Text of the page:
Tell It To Me Straight {The Grove: Telling Their Story}

Tell It To Me Straight

Newsletters. I wrote them for 18 years — paper, email, and eventually some blog posts. Our organization had ‘checkers’ who made sure the content was free of grammatical errors and mistakes before we hit ‘send’ or licked a stamp. But more importantly, the content needed to be truthful, sensitive and respectful; free of exaggerations and negativity toward partners or the host country. And no asking for money. 

We lived in a sensitive country, so we always changed names, avoided politics, and used those classic code words- like M, ‘think about’, or ‘remember.’ Most of the newsletters I wrote came back from the checker with a few edits and suggestions. Some cautioned me that I was getting too explicit about the work and ministry we were involved in…a bit too personal perhaps?

I tried my best to write out of humility, to raise awareness, to elicit prayer and encourage involvement. I wanted people ‘back home’ to get a taste of our life overseas- to meet our friends, our team mates, walk the paths, and listen to the sounds around us. I wanted it to be real. Did I do this perfectly? No. I look back at some of my newsletters and cringe, not because they were poorly written, but because I wasn’t “telling it straight.” I wrote out of arrogance, ignorance, or trying to meet the ‘expectations’ of people back home. Yikes.

I recently came across some letters I wrote during a time in my life when I was suffering from severe post-partum depression and I wish I could go back and gently whisper to my younger self, “Tell the truth Monica.”  But I didn’t, instead I wrote about language school, our 18 month old son’s nap struggles, and the education project we were embarking on. Not a word about my mental health. I regret that. And yet, how do you communicate such a serious thing to a variety of communities who are living their own lives oceans away? 

We dream, we dare, we dive in, we discover, we doubt, we struggle, we dance, and then for most of us we have to decide what to share. It is expected of us: What are we doing? Are we doing what we set out to do? Cue the progress reports, the divine encounters, and ministry details. We can’t always get all the ‘news’ in, plus we may feel a duty to only share the good things– the stuff that speaks to people’s hearts, and dare I say, their checkbooks. But in the end, I believe we must be honest with our struggles, our joys, work, play, and relationships just as we would expect a dear friend to be honest with us. We wouldn’t want them to embellish or disregard what is happening in their life, right?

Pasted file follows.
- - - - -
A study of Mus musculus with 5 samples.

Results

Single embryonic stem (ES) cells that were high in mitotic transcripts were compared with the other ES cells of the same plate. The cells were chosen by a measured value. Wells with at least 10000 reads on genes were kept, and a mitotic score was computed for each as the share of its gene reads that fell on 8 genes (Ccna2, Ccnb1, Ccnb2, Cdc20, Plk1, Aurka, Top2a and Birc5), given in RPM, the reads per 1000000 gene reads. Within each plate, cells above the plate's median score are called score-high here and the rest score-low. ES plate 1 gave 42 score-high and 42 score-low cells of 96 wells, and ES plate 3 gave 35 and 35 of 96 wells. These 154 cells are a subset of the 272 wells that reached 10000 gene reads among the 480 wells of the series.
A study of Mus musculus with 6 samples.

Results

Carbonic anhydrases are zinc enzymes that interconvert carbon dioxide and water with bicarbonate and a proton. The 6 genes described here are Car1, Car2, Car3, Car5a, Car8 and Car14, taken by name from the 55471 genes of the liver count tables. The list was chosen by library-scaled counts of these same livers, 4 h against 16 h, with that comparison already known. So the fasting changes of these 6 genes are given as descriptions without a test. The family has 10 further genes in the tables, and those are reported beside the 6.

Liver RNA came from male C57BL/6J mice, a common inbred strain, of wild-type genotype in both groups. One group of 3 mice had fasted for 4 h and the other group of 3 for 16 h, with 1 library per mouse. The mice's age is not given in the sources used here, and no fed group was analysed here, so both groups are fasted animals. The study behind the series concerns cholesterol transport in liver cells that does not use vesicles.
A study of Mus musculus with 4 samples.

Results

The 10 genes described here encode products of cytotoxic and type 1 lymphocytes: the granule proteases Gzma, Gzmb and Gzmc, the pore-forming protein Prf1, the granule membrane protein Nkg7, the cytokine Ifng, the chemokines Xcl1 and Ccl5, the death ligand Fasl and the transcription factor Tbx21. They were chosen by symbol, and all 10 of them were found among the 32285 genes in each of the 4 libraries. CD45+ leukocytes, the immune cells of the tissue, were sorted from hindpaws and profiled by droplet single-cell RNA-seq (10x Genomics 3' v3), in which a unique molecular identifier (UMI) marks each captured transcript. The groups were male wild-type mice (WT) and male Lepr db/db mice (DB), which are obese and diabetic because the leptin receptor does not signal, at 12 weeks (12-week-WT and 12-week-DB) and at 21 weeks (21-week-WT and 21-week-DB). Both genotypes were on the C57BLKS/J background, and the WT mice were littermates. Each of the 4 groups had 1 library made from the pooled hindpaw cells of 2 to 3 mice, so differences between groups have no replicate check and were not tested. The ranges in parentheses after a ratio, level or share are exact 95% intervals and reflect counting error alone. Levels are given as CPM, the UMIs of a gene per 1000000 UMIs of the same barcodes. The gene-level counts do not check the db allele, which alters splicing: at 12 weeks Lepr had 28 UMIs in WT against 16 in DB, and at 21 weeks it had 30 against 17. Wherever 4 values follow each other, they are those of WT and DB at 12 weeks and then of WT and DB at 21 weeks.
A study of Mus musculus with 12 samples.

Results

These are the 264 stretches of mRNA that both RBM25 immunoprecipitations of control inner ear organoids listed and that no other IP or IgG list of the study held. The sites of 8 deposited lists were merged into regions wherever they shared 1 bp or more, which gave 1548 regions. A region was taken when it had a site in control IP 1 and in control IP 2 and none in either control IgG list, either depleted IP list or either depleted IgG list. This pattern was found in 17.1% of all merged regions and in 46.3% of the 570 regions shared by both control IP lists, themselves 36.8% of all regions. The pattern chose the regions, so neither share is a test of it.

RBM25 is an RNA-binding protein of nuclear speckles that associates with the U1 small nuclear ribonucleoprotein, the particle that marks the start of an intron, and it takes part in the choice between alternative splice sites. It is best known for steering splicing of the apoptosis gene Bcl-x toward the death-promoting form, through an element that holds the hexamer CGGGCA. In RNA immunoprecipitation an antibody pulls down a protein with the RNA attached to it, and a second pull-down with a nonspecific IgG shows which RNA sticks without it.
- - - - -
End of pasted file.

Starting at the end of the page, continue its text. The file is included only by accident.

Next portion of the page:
So, are you sharing the story God has given you to share? Are you being true to yourself and to those you are writing about? 

On that note, something I appreciate about Velvet Ashes, is the importance of transparency in story-telling. In a post I wrote about friendship, the editor asked me if I had received permission from my friend to write about her. I had, but still…I am grateful I was held to a standard. Now, I realize we can’t get permission from entire communities, and for security reasons we may have to change names or be discreet to safeguard certain situations. BUT, if possible, get permission to share. Don’t ever assume your words (especially on Social Media) are not accessible to the people you are ‘highlighting’ in your latest post or letter. Context matters of course, so if safety is a concern, consider the risks and boundaries in place when it comes to sharing.

Friends, no matter what we do, or where we live, we are Christ’s ambassadors and have a responsibility to storytell in a way that is respectful, honest, and compassionate. We must keep in mind that our opinion and narratives inform our friends and supporters in serious ways. They are introduced to far-away places, people and contexts through OUR EYES. That’s heavy. It’s easy for bias to creep in, to become careless with our words, or even become know-it-alls. And when we tackle tough subject matter like poverty, social injustice, oppression, and persecution we must do this carefully- to the extent of our actual involvement and with respect to all involved.

Furthermore, if the person or people you are writing about were to read your memoir 15 years down the road, would they feel embarrassed, used, or belittled? Or would they feel empowered, honored, and respected? Consider what it may feel like if your read your neighbor, team mate or community’s ‘letter’ about you. Whoa!

I would love to hear your thoughts on this topic of “telling it straight”. What approaches can we take from the Ultimate Storyteller, Jesus? Do you struggle to share your stories, and why? Have you found a good balance in the way you communicate with family, friends and supporters?

Thank you for letting me share what my experience has been so far, and I know I have more to learn. Let’s keep talking, learning, and growing together. Will you join me as we, the Velvet Ashes community, endeavor to share God’s story, through our own stories for His glory?

The Grove

We invite you to share in The Grove. You can link up your blog post, or share your practices, ponderings, wisdom, questions, ideas, and creative expressions with us in the comments below.


1 Comment

  1. Jodie November 1, 2019

    Yes about being true to ourselves and the stories we’re telling. Asking for permission is such a big deal. It’s great to know you were asked that about your post on friendship. Always love reading your writing Monica!